A good friend of mine recently took over the management of a business. He knew there were challenges going into it, the business was slow, morale was low, and there were a ton of missed opportunities; new and returning business was passing them by.

Improving the business is a multi-pronged approach:

Improve the team by re-engaging them, making them feel valued again.
Improve the level of service and products being offered.
Provide consistent delivery of said products and services.
Seems pretty easy, doesn’t it?

The most complex challenge is improving the online reputation of the business, because this should have been the easiest aspect to improve public perception of the business, and yet it was disastrously overlooked by the previous owner.

Looking at the reviews (posted on Google) under the previous owner, I’m not sure why anyone would visit the establishment. Further, for every positive review, there was a glowing “thank you” from the owner. Negative comments… not a peep. This was the owner’s opportunity to jump in and show that he was willing to turn the customer’s opinion around, offering discounts on a next visit, asking for further detail, or even just publicly acknowledging the misstep. Perhaps he did privately, but it’s this public forum that matters. If someone takes the time to provide constructive comments about your company, show them you care enough to follow up and take those comments to heart. Maybe there’s nothing you can do to change their opinion, maybe there is, the point is to try.

I understand that taking care of a business can be time consuming on its own, and this is adding another layer of challenge to an already crazy schedule, so how can you get ahead of negative reviews?

First, misery loves company, so one untended negative review will bring about another.
Check in with your team – perhaps getting someone involved to check your site daily will help encourage accountability and take the responsibility off your shoulders.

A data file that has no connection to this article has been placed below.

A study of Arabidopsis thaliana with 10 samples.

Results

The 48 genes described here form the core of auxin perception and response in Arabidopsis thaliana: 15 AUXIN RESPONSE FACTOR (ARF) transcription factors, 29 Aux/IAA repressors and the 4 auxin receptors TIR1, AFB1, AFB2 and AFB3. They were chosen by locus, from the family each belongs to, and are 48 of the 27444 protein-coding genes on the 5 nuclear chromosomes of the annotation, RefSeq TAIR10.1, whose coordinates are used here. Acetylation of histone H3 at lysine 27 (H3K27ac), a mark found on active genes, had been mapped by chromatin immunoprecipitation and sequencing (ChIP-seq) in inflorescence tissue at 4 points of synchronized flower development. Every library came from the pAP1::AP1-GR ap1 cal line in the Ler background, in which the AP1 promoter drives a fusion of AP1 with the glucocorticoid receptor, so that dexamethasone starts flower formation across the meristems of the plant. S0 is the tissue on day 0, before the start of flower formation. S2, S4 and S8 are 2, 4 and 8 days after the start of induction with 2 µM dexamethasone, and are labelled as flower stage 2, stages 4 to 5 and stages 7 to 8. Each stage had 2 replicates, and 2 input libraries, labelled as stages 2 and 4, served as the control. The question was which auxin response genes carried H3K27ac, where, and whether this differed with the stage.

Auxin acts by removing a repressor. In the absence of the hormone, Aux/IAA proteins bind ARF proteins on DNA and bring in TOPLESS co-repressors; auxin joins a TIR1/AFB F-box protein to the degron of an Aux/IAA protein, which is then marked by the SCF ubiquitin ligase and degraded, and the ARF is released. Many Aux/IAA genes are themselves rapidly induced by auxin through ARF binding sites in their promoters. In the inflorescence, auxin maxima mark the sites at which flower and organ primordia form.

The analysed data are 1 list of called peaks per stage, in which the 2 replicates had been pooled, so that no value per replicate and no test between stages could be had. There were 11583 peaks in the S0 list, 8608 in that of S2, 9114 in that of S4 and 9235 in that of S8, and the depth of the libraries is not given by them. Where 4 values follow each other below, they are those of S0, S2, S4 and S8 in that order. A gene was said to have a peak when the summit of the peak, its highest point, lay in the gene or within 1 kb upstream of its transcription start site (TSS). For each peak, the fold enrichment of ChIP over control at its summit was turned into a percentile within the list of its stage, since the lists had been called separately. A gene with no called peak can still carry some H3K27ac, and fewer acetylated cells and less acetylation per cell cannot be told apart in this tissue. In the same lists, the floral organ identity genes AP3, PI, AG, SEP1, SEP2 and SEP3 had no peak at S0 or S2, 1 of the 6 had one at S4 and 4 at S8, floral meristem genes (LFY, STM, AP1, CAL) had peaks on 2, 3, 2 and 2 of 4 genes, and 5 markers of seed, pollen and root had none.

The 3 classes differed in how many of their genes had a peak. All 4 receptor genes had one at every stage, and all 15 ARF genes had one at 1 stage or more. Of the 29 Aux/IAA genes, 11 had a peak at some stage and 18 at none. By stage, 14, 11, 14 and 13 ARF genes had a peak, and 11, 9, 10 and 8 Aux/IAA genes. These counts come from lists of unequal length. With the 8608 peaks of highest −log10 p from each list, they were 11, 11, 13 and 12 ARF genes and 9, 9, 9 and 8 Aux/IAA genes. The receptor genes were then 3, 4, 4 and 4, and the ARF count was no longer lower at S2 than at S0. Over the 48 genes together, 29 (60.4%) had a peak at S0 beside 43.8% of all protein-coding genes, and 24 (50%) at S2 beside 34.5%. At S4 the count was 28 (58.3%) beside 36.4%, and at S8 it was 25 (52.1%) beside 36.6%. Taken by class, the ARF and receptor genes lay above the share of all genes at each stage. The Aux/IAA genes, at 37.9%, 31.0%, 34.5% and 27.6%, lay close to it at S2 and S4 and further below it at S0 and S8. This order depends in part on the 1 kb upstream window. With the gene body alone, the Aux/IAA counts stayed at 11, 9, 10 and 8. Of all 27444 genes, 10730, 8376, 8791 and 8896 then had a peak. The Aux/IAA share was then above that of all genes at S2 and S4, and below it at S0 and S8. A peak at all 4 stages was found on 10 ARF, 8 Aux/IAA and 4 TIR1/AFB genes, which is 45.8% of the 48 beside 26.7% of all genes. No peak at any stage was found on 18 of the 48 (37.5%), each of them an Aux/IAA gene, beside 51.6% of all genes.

Encourage reviews overall – the more reviews you have, the less negative reviews will hurt your online reputation. Send reminders for reviews in emails or print them on invoices.
Simply put, your customers make buying decisions before they ever walk thru your door. Great products, a stellar team, and exemplary customer service mean nothing if you can’t get you, the customer, there. Think about one of your recent buying experiences, how much did online reviews impact your decision? When you see one or two star reviews, with “poor service” comments, are you likely to spend your hard earned money there? What if they don’t have any reviews? Are they still in business? What is going on, that no one wants to say anything, positive or negative, about them?

Author's Bio: 

Peggy Murrah is a unique combination of web and marketing savvy, along with dependability and resourcefulness. These qualities have been instrumental in her building a successful business which serves clientele across five continents. PMA Web Services provides marketing direction and strategies for entrepreneurs through mentoring, social media marketing, list building and management, and development/maintenance of their online presence.